Launched over a decade ago, the 65nm Core 2 Extreme QX6700 was Intel's first quad-core desktop processor. Though its ridiculous asking price of $1,000 ensured few would take the plunge, even with four unlocked cores operating at 2.67GHz, it was the fastest CPU money could buy back in 2006.
Fortunately, it was only a few months later when enthusiasts were blessed with the Core 2 Quad Q6600, another Kentsfield-based quad-core chip that sold for a less absurd $530.
Although the part was locked at a frequency of 2.4GHz, we were still able to overclock via the front side bus back then, allowing us to boost the Q6600 from its stock 2.4GHz operating frequency to well over 3GHz! By no surprise, it quickly became one of Intel's most popular enthusiast-grade processors of all time.
Released about 10 years ago, we thought it would be interesting to see how the Q6600 holds up in 2017 while playing today's games on modern GPUs. In other words, what would happen if you paired a trusty old PC with a GeForce GTX 1060 or GTX 1070.
We'll also throw in a Haswell dual-core Pentium, a Skylake Core i3, a Sandy Bridge Core i5 and the mighty Core i7-6700K. All CPUs will be benchmarked using the two Pascal graphics processors to establish some comparisons.
Quite a load is going to be placed on these aging processors as we test some of the most CPU-intensive games released in the last year to see if the Q6600 can cope with such a burden.
Test System Specs
Kentsfield System Specs
Sandy Bridge System Specs
Skylake System Specs
Haswell System Specs
Benchmarks: Battlefield 1, Overwatch
The Core 2 Quad Q6600 really struggled in Battlefield 1, delivering just 26fps on average at 1080p with the GeForce GTX 1060 handling the rendering. Worse still, stuttering was a massive issue and we often saw the average frame rate cut in half as the system halted. Even overclocking the Q6600 to 3.1GHz didn't get it out of trouble as minimum frame rates still dipped into the teens.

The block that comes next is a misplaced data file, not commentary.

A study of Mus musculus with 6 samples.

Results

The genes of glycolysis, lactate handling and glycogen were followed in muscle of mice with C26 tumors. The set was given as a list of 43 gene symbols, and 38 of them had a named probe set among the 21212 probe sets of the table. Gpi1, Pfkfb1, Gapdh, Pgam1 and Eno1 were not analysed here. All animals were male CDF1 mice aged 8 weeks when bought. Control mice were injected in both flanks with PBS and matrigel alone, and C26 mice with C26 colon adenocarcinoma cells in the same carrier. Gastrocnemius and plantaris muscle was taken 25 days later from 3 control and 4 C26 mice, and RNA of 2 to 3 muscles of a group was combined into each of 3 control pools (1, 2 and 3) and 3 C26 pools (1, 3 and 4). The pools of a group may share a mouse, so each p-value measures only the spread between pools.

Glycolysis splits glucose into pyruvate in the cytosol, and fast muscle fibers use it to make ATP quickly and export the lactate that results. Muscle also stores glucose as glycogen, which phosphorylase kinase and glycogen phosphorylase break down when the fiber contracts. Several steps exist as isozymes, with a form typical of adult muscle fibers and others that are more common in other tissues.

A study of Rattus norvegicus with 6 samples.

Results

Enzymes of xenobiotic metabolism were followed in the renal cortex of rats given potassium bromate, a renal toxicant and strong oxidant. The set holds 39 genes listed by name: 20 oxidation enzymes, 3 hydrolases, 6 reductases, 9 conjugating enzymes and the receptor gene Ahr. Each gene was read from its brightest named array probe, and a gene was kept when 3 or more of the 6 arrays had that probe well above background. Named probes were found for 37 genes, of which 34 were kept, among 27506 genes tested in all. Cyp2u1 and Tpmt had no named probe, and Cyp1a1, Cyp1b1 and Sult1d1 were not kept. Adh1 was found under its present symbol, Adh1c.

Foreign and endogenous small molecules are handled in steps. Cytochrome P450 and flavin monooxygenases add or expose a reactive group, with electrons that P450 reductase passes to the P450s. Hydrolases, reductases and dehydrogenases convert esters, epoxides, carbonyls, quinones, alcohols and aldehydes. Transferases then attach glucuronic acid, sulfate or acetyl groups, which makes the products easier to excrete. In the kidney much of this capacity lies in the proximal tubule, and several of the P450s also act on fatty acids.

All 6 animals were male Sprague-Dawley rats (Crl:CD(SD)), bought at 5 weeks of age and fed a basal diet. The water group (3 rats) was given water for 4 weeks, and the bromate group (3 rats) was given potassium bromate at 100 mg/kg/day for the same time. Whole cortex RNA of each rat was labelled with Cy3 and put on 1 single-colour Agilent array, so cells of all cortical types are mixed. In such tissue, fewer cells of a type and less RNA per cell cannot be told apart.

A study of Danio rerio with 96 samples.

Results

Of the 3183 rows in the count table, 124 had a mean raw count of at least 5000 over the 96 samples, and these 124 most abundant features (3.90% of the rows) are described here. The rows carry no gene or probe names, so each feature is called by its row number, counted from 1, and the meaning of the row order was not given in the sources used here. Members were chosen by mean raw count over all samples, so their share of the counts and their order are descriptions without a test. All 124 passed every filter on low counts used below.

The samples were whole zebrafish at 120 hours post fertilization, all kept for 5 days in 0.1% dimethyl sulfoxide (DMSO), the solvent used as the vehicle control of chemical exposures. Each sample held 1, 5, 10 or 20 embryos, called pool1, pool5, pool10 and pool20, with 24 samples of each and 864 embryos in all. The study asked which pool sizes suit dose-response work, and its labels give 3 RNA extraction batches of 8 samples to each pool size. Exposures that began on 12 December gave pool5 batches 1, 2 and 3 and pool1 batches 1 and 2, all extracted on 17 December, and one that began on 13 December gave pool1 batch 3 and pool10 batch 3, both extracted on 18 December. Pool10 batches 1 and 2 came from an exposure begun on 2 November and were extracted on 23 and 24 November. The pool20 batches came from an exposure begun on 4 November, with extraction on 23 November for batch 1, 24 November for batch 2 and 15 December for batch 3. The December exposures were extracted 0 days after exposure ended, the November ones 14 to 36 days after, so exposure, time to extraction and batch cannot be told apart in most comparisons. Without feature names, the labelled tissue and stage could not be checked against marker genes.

Intel's fourth-generation budget Pentium processor did a better job, though it wasn't exactly smooth either. However, the now six-year-old Core i5-2500K kept its cool, delivering slightly better performance than the Skylake Core i3-6100 processor. With an average of 69fps and a minimum of 58fps we were quite impressed with the 2500K and when paired with the mid-range GTX 1060, it wasn't a great deal slower than the 6700K.
Jumping up to the GeForce GTX 1070 allowed the 6700K to distance itself from the 2500K. That said, the 2500K was now noticeably better than Core i3-6100 when comparing the minimum frame rates. Again, the Pentium G3470 was able to brush aside the Core 2 Quad Q6600, at least when comparing the minimum frame rates. Again the Q6600 was unable to provide playable performance, even with the GTX 1070, due to excessive stuttering.
Our Overwatch benchmark is a 'bot test' with two teams maxed out using bots. This is a rather CPU-intensive test that uses all eight threads of the 6700K. As a result, the Q6600 once again suffers massive frame dips with the GeForce GTX 1060. The regularity of the frame stuttering isn't actually as severe as what was seen in Battlefield 1, despite being greater in relation of the average frame rate. Still, using the ultra-quality settings at 1080p the Q6600 wouldn't allow the GTX 1060 to deliver playable performance.
Increasing the rendering power with the GTX 1070 didn't improve performance when using the Core 2 Quad Q6600, the same unplayable performance was experienced. The Pentium G3470 on the other hand was able to deliver 60fps and only occasionally we did notice any kind of stuttering, but it was minor.